Catching up on my reading this morning, a statement in a recent blog from Seth Godin made me consider how we all approach things. The quote, “It’s possible to create dignity and be successful at the same time. (In fact, that might be the only way to be truly successful.)”

We have commitments which include deadlines and expectations. All too often the premium paid to attain those is detrimental to customer service and long-term success. This is both an organizational and an individual issue. Has the drive to increase profits become so intense that everything else is foregone?

I made a significant commitment late in 2015 to upgrade the technology within our organization. We now have a new server, individual computers running Windows 10 and new software. For many years we have relied on CRM software as the “backbone” of our operations. We upgraded to their newest version. We “bought” what a trusted vendor promoted.

Since then the issues have been rampart. We have difficulty synching data between team members. We cannot handle basic communication using Outlook – one of the most important functions of any CRM. Technical Support is difficult to reach; once connected they try to resolve issues, but have not been successful in doing so.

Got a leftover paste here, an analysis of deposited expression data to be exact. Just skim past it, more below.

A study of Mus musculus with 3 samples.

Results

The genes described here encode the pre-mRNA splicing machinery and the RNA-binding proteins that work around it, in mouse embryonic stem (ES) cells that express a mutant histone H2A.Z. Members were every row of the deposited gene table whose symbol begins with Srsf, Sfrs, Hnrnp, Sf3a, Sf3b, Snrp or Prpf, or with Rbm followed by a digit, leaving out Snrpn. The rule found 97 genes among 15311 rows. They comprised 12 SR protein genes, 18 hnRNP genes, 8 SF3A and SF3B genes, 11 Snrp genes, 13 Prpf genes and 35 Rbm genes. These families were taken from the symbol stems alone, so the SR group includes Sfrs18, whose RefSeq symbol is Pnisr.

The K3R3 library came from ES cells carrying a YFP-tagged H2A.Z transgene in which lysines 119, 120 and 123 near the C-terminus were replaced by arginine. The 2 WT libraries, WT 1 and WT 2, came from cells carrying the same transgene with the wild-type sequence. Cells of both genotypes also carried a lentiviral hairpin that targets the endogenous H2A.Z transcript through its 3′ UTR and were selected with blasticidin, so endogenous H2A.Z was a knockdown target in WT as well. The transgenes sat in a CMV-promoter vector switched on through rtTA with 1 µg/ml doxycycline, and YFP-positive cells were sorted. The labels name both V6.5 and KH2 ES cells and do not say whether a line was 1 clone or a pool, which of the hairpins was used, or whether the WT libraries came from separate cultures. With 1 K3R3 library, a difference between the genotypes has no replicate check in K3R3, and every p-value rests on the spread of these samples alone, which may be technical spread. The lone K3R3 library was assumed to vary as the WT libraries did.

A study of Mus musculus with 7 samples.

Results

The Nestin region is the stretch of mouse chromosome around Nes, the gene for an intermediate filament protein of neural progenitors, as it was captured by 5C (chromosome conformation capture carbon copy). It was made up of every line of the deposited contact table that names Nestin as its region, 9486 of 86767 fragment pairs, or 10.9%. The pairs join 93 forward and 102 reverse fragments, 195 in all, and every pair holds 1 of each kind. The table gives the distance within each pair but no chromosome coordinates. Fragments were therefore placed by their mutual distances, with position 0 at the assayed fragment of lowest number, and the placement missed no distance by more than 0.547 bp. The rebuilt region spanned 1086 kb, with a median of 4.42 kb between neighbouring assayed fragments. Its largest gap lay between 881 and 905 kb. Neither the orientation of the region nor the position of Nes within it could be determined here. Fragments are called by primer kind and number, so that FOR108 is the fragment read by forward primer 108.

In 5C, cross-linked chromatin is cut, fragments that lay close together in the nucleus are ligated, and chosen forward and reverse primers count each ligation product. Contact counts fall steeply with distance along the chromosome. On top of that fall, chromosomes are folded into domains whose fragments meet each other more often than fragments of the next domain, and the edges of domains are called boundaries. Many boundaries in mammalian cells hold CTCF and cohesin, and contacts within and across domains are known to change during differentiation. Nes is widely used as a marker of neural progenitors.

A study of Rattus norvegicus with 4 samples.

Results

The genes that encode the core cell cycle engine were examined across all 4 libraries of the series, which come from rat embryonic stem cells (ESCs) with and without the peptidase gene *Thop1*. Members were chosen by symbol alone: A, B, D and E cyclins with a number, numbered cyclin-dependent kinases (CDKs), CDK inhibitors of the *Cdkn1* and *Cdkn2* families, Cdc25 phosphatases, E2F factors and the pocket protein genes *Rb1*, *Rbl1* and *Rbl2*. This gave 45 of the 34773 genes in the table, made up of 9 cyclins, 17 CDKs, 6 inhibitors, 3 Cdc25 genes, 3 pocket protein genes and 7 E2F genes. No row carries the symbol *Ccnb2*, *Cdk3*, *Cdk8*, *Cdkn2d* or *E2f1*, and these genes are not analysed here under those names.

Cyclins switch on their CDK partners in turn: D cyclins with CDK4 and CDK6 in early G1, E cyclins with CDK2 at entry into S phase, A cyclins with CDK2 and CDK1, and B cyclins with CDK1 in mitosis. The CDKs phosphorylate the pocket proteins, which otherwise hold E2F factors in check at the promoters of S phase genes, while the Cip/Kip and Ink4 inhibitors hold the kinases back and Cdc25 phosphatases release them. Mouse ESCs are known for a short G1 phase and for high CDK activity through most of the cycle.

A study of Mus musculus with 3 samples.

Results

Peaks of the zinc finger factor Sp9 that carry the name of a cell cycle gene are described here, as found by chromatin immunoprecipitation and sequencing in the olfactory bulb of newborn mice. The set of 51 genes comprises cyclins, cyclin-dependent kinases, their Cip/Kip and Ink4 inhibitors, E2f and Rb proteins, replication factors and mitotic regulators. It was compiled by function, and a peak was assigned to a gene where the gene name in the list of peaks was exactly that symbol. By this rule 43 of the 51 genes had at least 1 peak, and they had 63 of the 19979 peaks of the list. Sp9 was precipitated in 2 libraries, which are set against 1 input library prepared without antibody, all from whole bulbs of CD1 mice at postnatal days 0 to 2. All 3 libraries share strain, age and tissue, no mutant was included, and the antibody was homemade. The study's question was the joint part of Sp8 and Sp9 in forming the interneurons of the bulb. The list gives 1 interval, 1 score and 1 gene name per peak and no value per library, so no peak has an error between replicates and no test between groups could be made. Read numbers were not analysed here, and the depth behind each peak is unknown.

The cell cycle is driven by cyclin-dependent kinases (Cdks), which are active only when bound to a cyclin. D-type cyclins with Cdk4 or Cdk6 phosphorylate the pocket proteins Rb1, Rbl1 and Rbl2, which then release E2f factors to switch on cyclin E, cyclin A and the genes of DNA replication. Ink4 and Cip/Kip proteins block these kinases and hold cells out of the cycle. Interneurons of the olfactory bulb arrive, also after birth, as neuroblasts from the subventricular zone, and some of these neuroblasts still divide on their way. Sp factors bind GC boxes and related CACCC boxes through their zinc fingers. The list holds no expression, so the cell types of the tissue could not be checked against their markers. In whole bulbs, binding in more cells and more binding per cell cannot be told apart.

If the managers of the CRM considers success as the revenue generated from selling the upgrade, then they probably consider themselves successful. On the other hand, if they consider customer service, and delivering what is promised, important, then their success is illusive, if possible at all.

They may be paying the ultimate price for those extra dollars – driving customers away!

This situation has made it very clear how I want to define success. I will deliver a service that exceeds customer expectations. Sure, that doesn’t drive the greatest amount of short-term revenue, but it does create an environment where my clients know they will succeed when they work with us – on any project.

Success to me is not about money but rather about the lasting impact I can make on organizations.

I hope each of you take a few minutes to reaffirm what success is to you, and recommit to staying on that course.